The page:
Nearly 100 Red Tide-Related Deaths So Far; Second-Highest Total This Decade
Washington, DC — Driven by toxic red tides, Florida manatee mortality this year has already surpassed losses during all of 2017, according to figures posted today by Public Employees for Environmental Responsibility (PEER). With South Florida still in the grips of a red tide state of emergency, the total of 540 manatee deaths through mid-August will likely go much higher by year’s end.
The latest reports from the Florida Fish & Wildlife Conservation Commission (FWCC) covering the period from January 1st through August 12th show –
“Florida’s manatees have no defense against this ecological disaster,” stated PEER Executive Director Jeff Ruch, pointing out that red tides and algal blooms poison both manatees and their food supplies. “Florida’s steadily declining water quality is a death warrant for the manatee.”
Notably, 2018 has seen more red tide-related manatee deaths than in any of the past five years. In 2016 and 2017, FWCC identified 73 and 67 manatee deaths, respectively, where red tide was the positive or suspected cause. That was a substantial increase from 15 such deaths recorded in 2015 and the 2 in 2014.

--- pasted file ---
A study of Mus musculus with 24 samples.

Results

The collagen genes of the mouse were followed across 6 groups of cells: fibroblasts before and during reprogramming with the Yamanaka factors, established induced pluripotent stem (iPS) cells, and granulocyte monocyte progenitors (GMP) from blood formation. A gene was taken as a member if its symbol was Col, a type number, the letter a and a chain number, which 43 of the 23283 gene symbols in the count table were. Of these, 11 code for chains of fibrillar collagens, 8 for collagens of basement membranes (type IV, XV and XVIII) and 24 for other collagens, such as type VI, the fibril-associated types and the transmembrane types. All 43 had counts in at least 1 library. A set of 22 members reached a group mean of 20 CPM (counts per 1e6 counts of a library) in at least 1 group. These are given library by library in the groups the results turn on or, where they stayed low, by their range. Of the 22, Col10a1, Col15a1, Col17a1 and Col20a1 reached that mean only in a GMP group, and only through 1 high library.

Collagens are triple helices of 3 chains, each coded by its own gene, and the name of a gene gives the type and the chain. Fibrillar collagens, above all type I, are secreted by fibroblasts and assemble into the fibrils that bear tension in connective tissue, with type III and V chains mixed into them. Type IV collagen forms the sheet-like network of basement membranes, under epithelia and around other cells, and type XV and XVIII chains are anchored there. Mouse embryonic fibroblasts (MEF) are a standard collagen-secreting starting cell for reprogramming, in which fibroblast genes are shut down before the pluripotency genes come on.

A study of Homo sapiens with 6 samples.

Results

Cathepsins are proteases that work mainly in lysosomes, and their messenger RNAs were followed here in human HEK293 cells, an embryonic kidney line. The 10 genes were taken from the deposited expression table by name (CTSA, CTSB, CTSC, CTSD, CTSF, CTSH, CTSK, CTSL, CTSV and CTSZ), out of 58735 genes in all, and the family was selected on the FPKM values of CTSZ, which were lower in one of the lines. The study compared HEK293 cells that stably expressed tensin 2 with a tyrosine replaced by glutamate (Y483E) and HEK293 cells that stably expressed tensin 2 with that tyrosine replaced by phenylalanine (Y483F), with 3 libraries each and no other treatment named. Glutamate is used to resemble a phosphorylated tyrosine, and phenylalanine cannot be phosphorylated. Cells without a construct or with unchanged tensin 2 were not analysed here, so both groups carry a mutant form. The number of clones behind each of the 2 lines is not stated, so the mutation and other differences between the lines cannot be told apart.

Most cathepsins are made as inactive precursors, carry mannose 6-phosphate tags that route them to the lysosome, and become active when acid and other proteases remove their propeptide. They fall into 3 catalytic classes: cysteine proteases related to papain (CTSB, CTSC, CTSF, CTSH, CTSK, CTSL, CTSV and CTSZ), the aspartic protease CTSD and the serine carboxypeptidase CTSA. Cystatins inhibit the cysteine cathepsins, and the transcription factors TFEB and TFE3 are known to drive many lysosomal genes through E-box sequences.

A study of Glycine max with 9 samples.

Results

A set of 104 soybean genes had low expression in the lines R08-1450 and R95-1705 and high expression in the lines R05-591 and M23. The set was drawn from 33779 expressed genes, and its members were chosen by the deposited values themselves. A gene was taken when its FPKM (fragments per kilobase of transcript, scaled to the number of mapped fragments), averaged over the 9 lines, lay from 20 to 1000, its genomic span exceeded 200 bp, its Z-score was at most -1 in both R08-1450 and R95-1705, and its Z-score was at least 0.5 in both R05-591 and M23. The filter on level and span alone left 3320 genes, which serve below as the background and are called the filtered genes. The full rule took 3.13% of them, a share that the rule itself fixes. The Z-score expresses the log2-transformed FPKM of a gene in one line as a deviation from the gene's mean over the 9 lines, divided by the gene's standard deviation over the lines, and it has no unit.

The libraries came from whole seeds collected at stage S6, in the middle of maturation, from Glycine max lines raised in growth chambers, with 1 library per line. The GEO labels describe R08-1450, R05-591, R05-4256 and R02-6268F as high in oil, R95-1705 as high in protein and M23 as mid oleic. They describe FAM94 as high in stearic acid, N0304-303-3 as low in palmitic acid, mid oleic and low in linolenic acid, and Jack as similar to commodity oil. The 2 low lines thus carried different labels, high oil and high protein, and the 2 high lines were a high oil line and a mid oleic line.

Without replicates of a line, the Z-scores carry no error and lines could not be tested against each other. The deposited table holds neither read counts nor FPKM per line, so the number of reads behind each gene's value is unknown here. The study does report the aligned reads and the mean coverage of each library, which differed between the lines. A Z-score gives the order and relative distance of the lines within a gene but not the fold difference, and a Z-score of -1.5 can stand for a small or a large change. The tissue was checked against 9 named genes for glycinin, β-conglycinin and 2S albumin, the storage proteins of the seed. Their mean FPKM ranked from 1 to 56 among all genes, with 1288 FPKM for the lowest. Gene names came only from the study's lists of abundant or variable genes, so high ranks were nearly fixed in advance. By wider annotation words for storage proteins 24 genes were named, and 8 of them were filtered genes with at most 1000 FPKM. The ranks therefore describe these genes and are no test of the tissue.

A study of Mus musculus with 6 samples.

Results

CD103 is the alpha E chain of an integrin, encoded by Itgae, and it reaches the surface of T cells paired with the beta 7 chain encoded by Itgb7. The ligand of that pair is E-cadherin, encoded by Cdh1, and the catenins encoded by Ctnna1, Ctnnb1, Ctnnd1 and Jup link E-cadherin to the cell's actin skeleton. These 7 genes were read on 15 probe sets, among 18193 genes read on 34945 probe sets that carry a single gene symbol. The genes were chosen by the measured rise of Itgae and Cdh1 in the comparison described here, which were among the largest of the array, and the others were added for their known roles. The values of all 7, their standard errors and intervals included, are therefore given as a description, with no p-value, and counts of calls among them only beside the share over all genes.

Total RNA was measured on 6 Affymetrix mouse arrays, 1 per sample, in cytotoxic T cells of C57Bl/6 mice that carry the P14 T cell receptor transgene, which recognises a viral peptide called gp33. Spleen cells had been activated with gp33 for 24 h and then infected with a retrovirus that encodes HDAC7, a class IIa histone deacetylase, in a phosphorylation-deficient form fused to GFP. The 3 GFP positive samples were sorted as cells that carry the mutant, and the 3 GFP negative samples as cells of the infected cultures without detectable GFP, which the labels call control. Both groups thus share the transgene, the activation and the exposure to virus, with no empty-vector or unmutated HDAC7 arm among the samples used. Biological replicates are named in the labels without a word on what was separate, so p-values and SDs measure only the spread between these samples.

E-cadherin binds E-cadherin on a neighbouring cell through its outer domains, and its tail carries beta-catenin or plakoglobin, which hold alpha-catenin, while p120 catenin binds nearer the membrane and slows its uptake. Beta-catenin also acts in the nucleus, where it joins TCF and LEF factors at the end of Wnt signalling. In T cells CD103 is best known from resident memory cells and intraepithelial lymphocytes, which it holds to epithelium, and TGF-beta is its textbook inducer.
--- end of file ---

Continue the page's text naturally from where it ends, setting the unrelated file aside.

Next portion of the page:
PEER has issued a series of reports documenting the precipitous decline in water pollution enforcement under Governor Rick Scott, as well as the massive amounts of phosphorus and other nutrients discharged daily both legally and illegally into Florida’s waters.
“The increased duration, scale, and toxicity of red tide and algal bloom events should be an eco-wakeup call for Florida,” Ruch added. “Governor Scott has declared a red tide emergency but the role his own environmental policies have played in spawning this crisis deserves examination.”
The manatee is also especially vulnerable to the effects of climate change, ranging from record cold snaps to growing acidification of the waters. Despite what appear to be mounting threats to manatee survival, last year the U.S. Fish & Wildlife Service reduced safeguards for the West Indian manatee by lowering its status from endangered down to threatened under the federal Endangered Species Act. Recent mortality trends may fuel legal challenges to that downgrade.